Consultations for severe asthma in adults in GP surgeries across the country have nearly doubled in comparison to this time last year, according to figures from PHE.
The number of consultations has increased from just over two per 100,000 in the first week of 2014 to around four per 100,000 in the first week of 2015.
The highest rates were seen in the 64 to 74 age group who are considered the most vulnerable during the winter.
However, in the age groups four and under, and five to 14, the number of consultations has decreased.
'For 2014-15 there has been an unexplained increase of general practice attendances across December and January. The cause of this increase is unclear but may be due in part to viral and environmental/seasonal changes playing a contributory role. Additionally when an individual has a change in their daily routine, such as at Christmas, there is an increase in "unintentional non-adherence" to medications, especially inhaled therapy,' said Linda Pearce, a respiratory consultant nurse and a respiratory director for the strategic clinical network in the East of England.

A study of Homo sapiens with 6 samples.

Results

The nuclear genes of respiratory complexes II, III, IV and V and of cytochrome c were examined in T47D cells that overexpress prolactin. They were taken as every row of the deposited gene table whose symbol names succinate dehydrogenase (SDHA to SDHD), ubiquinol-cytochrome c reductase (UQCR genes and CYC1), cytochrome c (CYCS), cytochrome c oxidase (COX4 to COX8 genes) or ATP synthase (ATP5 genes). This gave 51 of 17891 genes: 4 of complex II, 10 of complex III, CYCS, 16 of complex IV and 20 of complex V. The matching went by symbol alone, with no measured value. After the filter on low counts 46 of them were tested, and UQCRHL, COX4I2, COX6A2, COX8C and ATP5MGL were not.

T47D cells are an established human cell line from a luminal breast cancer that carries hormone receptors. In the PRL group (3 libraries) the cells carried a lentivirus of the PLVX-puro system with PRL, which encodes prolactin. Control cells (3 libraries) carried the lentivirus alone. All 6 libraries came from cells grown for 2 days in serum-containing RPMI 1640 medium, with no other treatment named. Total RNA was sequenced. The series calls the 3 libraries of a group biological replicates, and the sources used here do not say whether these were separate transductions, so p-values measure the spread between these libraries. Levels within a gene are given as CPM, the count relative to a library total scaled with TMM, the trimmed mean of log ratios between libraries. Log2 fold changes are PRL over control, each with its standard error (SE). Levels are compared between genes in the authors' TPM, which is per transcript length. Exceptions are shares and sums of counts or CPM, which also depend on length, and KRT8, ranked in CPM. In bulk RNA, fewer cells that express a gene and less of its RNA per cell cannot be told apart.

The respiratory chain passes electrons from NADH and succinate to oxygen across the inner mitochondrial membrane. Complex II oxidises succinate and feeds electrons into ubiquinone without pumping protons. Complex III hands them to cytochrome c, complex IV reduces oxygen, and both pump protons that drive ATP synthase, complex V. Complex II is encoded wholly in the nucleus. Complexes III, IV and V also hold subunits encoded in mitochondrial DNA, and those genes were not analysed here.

'The National Review of Asthma Deaths report should be read by all clinicians and incorporated into routine practice. There are a number of key factors including ensuring all people with asthma have regular asthma reviews with a clinician (usually the practice nurse) who is qualified in asthma care. Inhaler technique should be checked, adherence reviewed and to support optimum management a personalised action asthma plan should be agreed,' she added.
Chief executive of Asthma UK Kay Boycott says that colds and flu make asthma worse and can put people at higher risk of an asthma attack.
The high rates of asthma consultation coincide with the highest rates of flu for three years seen in primary care. PHE figures show that in the first week of 2015, the number of general practice consultations for influenza rose to 18.3 per 100,000 patients in England.